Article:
For the first time in franchise history, the Minnesota Wild faces an offseason full of questions regarding the uncertainty in net. Niklas Backstrom is old and injured, Josh Harding is superbly talented, yet his battle with Multiple Sclerosis remains a major question mark, and youngster Darcy Kuemper is on the cusp of claiming the No. 1 role for his own. What the team does to address the situation this offseason could hinge on Kuemper's level of preparedness heading into September's training camp.
When Kuemper was drafted with the 161st overall pick in 2009, many within the fan base thought his selection was more of an afterthought--covering the bases, as it were--after all, the Wild had already selected Matt Hackett in the third round at 77th overall. Five years later, Kuemper spent significant time as Minnesota's stud No. 1 goalie, while Hackett labored for an abysmal Buffalo Sabres organization. Though it's too early to say for sure, it appears Wild GM Chuck Fletcher made the right choice in which young goaltender to part with as part of the package exchanged for three-time 30-goal scorer Jason Pominville.
Kuemper has played all of 32 career regular season games with the big club, but he's already proven himself to be one heck of a young tender. At 6'5" and 205-pounds, the young native of Saskatoon, Saskatchewan has a unique package of size, talent, skill and athletic ability, something that is highly irregular for a netminder of his size. Kuemper has used this to his advantage, dominating the Canadian major junior leagues, the ECHL and the AHL in impressive fashion while collecting numerous awards and recognitions at nearly every level of play he's faced so far.
In 26 regular season games with Minnesota this season, Kuemper displayed that skill set in confident fashion, posting a 12-8-4 record, a .915 save percentage, a 2.43 goals against average and two shutouts as a 23-year old rookie. In addition, after Ilya Bryzgalov was pulled in Game Two of the Wild's first round playoff series with the Colorado Avalanche, Kuemper stepped in beautifully with a 3-1-1 record, a .913 save percentage, a 2.03 goals against average and a shutout before sustaining a season-ending concussion in the second period of Game Seven.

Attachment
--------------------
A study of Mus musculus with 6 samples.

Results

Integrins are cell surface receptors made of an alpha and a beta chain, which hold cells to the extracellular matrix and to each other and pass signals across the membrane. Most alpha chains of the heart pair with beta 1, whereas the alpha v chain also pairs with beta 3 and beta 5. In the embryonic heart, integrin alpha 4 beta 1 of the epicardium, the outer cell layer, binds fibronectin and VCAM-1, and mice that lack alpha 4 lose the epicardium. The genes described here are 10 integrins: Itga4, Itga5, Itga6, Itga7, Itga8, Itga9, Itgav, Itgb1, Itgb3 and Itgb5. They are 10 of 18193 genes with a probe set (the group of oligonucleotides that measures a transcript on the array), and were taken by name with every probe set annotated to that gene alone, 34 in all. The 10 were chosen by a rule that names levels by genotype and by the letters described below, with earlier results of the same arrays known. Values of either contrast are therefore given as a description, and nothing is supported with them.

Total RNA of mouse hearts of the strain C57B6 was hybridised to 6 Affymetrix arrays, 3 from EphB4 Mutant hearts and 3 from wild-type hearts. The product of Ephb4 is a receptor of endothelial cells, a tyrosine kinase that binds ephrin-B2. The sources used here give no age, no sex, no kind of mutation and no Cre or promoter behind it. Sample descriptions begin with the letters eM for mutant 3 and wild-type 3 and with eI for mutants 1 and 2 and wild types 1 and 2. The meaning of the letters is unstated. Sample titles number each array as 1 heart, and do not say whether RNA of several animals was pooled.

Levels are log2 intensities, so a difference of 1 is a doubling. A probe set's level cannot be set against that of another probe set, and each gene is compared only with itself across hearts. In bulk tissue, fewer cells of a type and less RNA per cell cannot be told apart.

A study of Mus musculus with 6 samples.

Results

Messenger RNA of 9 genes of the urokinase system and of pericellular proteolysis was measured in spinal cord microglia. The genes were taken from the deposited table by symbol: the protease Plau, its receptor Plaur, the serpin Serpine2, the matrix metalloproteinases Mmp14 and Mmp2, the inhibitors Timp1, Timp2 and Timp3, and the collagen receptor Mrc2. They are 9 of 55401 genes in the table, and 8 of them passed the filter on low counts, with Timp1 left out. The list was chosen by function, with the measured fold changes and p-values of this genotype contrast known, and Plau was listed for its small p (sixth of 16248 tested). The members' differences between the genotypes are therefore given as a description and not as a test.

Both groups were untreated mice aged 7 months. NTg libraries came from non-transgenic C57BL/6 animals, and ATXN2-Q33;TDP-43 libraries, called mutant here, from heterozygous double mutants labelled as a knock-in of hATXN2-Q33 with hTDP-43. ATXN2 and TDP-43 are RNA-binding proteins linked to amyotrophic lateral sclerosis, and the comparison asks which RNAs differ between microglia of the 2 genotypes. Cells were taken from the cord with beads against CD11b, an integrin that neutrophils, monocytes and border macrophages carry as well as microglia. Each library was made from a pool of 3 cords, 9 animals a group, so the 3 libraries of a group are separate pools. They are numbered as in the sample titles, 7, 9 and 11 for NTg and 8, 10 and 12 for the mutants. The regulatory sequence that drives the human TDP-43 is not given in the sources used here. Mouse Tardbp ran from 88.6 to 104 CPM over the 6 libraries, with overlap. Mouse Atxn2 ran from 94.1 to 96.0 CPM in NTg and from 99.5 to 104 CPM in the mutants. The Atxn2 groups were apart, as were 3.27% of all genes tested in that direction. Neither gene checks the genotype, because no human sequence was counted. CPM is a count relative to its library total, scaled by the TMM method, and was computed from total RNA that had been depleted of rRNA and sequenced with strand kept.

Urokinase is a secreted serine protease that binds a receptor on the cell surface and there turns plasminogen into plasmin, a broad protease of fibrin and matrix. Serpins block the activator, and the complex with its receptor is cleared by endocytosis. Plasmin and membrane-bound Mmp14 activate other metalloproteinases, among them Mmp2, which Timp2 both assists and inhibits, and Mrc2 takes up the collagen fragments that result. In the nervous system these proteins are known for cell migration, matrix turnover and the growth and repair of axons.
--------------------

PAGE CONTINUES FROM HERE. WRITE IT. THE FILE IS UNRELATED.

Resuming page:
With a successful season in the books, Kuemper is now a restricted free agent set to command a one-way deal. Considering the uncertainty surrounding the aging, injury-plagued Backstrom, and the MS stricken Harding, Kuemper likely has the inside track on the starting role in St. Paul, something he is probably all too keenly aware of. However, while Kuemper's been successful in a limited showing, there's no knowing whether or not he'll be able to withstand the rigors of being a No. 1 NHL goaltender for a full season at the tender (no pun intended) age of 24.
Minnesota needs another option and, at this point, neither one of Backstrom or Harding look like viable options. It's a good bet Kuemper is the man between the pipes, but he'll need help as the season goes on, and the Wild may have to look elsewhere. Harding is untradeable, and Backstrom will probably have to be unloaded for peanuts, but that's the likeliest route Fletcher will have to take.
There are solid goalies available in free agency--Ryan Miller, Jonas Hiller and Bryzgalov among others--yet Fletcher has suggested better value may be found on the trade market. Minnesota doesn't need an established, in-his-prime franchise netminder; it needs a great backup that can play solid No. 1 minutes if need be.
Kuemper is already an incredible young netminder to watch at age 23 (now 24)--imagine how good he'll be in five years when he hits his prime. That's a scary thought.